07 Dec Act 255 heats up angel investment in 2005, though VC involvement lags
Wisconsin’s decision to give tax credits to investors in early-stage companies has shown results in its first calendar year, especially for individual investors.
Angel investors have so far applied for $1.8 million of the $3 million in available tax credits for 2005, state Department of Commerce figures show. But of the $3.5 million in tax credits available to venture capitalists, almost none have been used.
“We knew there would be a lag on the venture capital side,” said John Neis, senior partner with Madison-based Venture Investors. “On the angel side, basically the legislation gets passed and immediately angels can take advantage of it. Venture capital firms raise their money … every three to five years.”
Because Act 255 requires VC funds to be certified separately, existing venture capital was not generally affected by the act this year. Additionally, VC deals tend to involve enough money that the credits don’t make as much of an impact as they do with angel investments. But Neis expects activity to heat up in 2006 as new funds are created.
As early as May angel investments were being completed under the new act. Investors and companies seeking financing told WTN at the time that the act was a general incentive to get involved in angel investing and to add more to deals that had already been decided.
• Read about early Act 255 investment and reactions
More recently, several companies are still seeking investments under the 2005 credits.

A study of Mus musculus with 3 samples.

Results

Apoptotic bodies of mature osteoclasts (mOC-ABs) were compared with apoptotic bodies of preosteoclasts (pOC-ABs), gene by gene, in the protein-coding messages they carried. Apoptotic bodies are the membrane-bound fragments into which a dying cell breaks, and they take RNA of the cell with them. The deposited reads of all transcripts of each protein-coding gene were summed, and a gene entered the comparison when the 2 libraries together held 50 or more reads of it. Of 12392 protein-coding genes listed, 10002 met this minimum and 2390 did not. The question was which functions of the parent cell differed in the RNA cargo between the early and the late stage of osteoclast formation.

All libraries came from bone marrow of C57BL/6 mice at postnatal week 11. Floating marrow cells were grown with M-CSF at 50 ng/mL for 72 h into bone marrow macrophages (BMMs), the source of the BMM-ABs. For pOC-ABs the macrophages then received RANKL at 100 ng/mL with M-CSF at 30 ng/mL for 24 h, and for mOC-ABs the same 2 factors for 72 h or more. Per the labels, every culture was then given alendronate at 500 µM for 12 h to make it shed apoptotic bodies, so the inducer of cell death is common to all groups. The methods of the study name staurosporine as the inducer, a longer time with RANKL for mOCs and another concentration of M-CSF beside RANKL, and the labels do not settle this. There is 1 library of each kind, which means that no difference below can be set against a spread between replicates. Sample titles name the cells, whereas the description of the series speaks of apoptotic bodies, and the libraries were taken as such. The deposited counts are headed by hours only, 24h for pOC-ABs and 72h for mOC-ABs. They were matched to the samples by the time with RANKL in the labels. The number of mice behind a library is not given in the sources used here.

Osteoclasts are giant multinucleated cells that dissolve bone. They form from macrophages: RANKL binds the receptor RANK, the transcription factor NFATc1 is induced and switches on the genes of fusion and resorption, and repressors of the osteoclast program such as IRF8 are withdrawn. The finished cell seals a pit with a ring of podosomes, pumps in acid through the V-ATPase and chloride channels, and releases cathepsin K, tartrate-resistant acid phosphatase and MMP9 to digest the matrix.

“Act 255 was a driving force behind us getting investment,” said Deven McGlenn, CEO of NeoClone in Madison. “It may even assist with [additional] funding in this calendar year”
McGlenn thinks the act isn’t necessarily going to draw investment in the first place, but can sweeten the pot for qualifying firms. “[The companies] had a good enough story already, but Act 255 just made it possible to attract larger dollars,” he said.
Like NeoClone, most of the qualifying companies so far are Madison-based, perhaps because of greater awareness.
“We’ve found that the companies in Milwaukee are certainly very interested in being listed as soon as an investor is interested in them being listed,” said Pehr Anderson, managing director of the Silicon Pastures angel investor group in Milwaukee.
But fewer Milwaukee companies seem to be signing up on their own. “Milwaukee has a thriving mergers and acquisitions scene … because most of the action is happening at that level, there’s more interest in that part of the deal,” Anderson said. “Act 255 really targets minority investors where we’re not taking over a company.”
Cleaning up the act
A bill, SB 290, is working through the state Legislature that would “clean up” some of the provisions of Act 255 and is intended to streamline the process. The Senate passed it unanimously, and trouble in the Assembly seems unlikely.
Among other things, the clean-up bill would allow groups of investors to claim the tax credit as a group, rather than individually. That’s good news for venture capitalists who need to work out a way to equally distribute Act 255’s tax benefits when some of the participants in a funding round are from out-of-state or are tax-exempt organizations.
“The last thing we want those investors to think is that we’re going to chase deals on the basis of tax credits that don’t benefit them,” Neis said. “In fact our fiduciary responsibility would be to ignore tax credits … unless we can equalize the benefit.”
• A panel in August discussed more concerns with Act 255. Did it go far enough? Read more here.
Act 255 background
Act 255 credits apply to investments in companies that are pre-qualified with the Department of Commerce. There are 39 now, the majority in Madison, and department spokesperson Tony Hozeny said the goal for processing a new application is two weeks. Unused tax credits in a year will roll over, he said.
The act provides $35 million in venture credits and $30 million in angel credits over 10 years. Beginning January 1, 2006, the credits will only apply to investments in companies that the investor has not already financed since their qualification.